March 2010


Cue Oprah Winfrey: “The poison dart frog will make five more long journeys into the jungle canopy to protect her tadpoles, from predators and each other, in their own pool of water before the day is over.”

Cue Sir David Attenborough: “The poison dart frog will make five more long journeys into the jungle canopy to protect her tadpoles, from predators and each other, in their own pool of water before the day is over.”

What’s the difference?

Well, if we could conjure his ghost, Charles Sanders Peirce might have a thing or two to say about the voice factor on Discovery Channel’s new Life series. We can’t, so the Coles Notes substitute goes like this:

For some viewers, Oprah’s voice resonates with authenticity. For others, Attenborough’s is more authentic. The difference is in their indexicality or, arguably, their iconicity. For Peirce indexicality refers to the process through which certain cues (smells, sounds, sights, feels etc.) have some kind of factual, spatio-temporal link with something else. I go into a carpet shop, see what the owner says is a Kashmiri prayer rug, and can judge the degree to which I believe it is authentically so by analyzing colours (pink or blue could be dominants), thread count (higher than average, even by the Iranian standards), motif (old school Persian, maybe a lotus or two) and such. In contrast, iconicity refers to the process by which, were I not to have some experience in Kashmiri carpet factories, I might judge the authenticity of the carpet based on less factual filters such as how I imagine Kashmiri carpets to be thanks to watching documentaries about the region. In short, indexicality suggests a ‘been there, done that’ element while iconicity is more akin to ‘seen that, heard about that’. Which brings us to why Oprah’s just not indexing it for me.

Having seen the Planet Earth documentary series from 2006, I was stoked to learn that the producers had decided to shoot another pass at the complexity of life on earth. Life, however, wasn’t what I expected. Somehow the poison dart frog, the Jesus lizard, the hippo and all of their jungle friends seemed less awe-inspiring, less mysterious, magical, complex even. And the reason, I suspect, was in the voice.

For me, Attenborough indexes hundreds of years of British natural science, from the pith-hatted colonial floral thieves of Victorian England to, well, years of Attenborough being the go-to voice of the wildlife documentary. Oprah, in contrast, is, for me, the voice of inspirational stories – like the Philipino guy who finally broke into stardom as the new voice of Journey. She just doesn’t index the authority I require in a wildlife documentary. Perhaps its because I imagine Attenborough, with his years of experience, co-authoring scripts while Oprah just reads what others have given her about the Jesus lizard. Perhaps it’s a Canadian thing, that we’re just more comfortable with voices from our colonialist British forefather culture telling us about the worlds we’ve never seen.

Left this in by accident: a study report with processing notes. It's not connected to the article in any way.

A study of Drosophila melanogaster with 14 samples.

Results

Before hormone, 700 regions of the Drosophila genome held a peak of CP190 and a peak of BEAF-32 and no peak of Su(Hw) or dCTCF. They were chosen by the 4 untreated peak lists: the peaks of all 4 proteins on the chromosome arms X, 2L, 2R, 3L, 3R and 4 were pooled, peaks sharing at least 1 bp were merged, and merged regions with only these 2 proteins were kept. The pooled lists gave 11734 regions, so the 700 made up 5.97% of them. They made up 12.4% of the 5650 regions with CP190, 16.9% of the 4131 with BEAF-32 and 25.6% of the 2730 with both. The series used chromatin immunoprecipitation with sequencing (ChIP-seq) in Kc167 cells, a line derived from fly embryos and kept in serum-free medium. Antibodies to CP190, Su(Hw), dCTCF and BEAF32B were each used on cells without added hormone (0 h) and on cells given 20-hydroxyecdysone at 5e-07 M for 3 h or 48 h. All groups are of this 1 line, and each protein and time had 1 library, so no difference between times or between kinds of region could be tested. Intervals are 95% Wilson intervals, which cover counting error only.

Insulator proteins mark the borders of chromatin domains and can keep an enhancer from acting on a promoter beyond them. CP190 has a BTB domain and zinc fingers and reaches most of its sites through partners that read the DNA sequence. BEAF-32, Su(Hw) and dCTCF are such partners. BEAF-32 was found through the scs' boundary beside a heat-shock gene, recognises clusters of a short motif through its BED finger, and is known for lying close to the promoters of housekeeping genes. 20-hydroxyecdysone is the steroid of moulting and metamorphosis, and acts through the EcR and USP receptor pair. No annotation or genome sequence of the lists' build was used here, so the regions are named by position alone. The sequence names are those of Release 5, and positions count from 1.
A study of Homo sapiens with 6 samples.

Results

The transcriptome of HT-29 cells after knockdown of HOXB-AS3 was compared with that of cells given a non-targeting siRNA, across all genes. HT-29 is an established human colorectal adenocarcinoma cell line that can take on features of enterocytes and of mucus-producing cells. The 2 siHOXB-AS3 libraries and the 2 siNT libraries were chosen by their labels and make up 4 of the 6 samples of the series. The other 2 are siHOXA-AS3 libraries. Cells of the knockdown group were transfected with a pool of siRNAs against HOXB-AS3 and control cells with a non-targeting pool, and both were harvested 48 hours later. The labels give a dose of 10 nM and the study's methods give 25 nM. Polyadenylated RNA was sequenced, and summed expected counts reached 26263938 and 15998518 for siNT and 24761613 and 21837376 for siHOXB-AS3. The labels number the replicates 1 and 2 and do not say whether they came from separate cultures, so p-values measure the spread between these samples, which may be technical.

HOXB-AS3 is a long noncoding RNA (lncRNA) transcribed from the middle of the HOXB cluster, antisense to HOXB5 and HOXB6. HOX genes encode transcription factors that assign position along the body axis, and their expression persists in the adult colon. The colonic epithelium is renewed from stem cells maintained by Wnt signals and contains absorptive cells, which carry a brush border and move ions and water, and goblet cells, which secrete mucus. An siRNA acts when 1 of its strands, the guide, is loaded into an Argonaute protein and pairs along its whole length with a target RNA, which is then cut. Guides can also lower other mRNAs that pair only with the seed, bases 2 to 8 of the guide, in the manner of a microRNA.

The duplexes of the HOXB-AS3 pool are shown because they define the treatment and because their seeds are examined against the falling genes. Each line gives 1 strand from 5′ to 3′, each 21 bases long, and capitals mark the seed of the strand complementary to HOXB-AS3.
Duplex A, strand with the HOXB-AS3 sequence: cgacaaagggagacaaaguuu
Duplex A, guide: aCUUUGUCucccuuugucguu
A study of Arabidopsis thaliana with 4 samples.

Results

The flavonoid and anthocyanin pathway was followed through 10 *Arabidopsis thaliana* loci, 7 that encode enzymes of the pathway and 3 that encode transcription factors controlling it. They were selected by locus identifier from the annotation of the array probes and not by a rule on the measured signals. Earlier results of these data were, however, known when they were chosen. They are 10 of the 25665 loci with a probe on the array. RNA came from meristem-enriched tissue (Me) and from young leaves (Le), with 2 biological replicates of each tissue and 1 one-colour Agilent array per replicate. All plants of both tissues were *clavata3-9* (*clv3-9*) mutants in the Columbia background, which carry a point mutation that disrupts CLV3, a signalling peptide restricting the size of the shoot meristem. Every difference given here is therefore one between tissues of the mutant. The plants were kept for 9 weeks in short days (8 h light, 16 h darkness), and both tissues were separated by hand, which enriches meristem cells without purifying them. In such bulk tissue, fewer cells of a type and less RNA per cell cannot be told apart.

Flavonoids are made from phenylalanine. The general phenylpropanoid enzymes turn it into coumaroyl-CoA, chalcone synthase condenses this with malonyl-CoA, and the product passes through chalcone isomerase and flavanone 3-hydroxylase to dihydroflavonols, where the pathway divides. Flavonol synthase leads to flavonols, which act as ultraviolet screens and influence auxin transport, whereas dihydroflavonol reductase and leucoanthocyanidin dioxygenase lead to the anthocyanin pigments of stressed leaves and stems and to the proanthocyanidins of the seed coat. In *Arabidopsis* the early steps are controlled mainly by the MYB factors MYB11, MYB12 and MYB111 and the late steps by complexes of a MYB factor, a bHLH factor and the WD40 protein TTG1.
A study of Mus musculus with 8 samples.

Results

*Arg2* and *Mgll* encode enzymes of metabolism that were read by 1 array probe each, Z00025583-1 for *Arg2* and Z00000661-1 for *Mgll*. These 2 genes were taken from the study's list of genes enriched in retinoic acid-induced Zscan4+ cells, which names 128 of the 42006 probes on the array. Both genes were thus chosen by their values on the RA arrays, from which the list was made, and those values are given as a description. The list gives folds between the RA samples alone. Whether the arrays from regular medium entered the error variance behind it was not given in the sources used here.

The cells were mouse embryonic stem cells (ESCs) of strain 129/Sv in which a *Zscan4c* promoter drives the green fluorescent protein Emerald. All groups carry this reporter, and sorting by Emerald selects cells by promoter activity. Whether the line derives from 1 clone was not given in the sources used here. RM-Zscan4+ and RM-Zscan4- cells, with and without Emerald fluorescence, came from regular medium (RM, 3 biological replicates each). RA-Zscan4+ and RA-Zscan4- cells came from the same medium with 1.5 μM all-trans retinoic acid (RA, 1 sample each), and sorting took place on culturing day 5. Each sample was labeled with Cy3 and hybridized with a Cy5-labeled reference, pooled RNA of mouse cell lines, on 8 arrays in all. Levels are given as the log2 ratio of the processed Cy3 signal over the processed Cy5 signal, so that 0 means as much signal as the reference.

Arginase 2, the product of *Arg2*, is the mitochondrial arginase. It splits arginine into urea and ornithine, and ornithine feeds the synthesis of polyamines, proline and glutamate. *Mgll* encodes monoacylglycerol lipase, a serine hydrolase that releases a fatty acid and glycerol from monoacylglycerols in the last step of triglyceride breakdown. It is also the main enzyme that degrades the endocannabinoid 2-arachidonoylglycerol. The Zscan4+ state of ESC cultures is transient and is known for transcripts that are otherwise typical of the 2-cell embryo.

I read on Wikipedia that Discovery dropped Attenborough’s voice for its U.S. airing of Planet Earth and subbed him with Sigourney Weaver. Again, not the voice I associated with wildlife unless it’s on LV-426 or Pandora. So do two women, one TV and one film, index authenticity for U.S. audiences? Not sure, but I’d bet on some focus group research to have driven confidence at Discovery in their choices.

Like the President from 24 doing Allstate ads and James Earl Jones as the early voice of CNN, the voice is key to generating authenticity and believability. How successfully these voices travel over cultural, national, ethnic etc. boundaries is key to watchability. Me, I’m done with Life – unless BBC’s Natural History Unit drops a DVD box set of it with Sir David.

A 2-man social slalom down the streets and through the alleys of The Mission District in SF, nearly a dozen derelict movie theaters that reference a golden age ago, and patch-up jobs that keep science and storytelling alive – regardless of crumbling infastructure.

Other than the sight of a hearse or a police-led auto procession to an internment, North American culture is fairly thin on expression of public mourning. A taped-up eulogy ripple of a shift? Shot in the Haight-Ashbury hood in SF.

Design + Anthropology + Retired Longshoreman = Key Insights for Clients Everytime.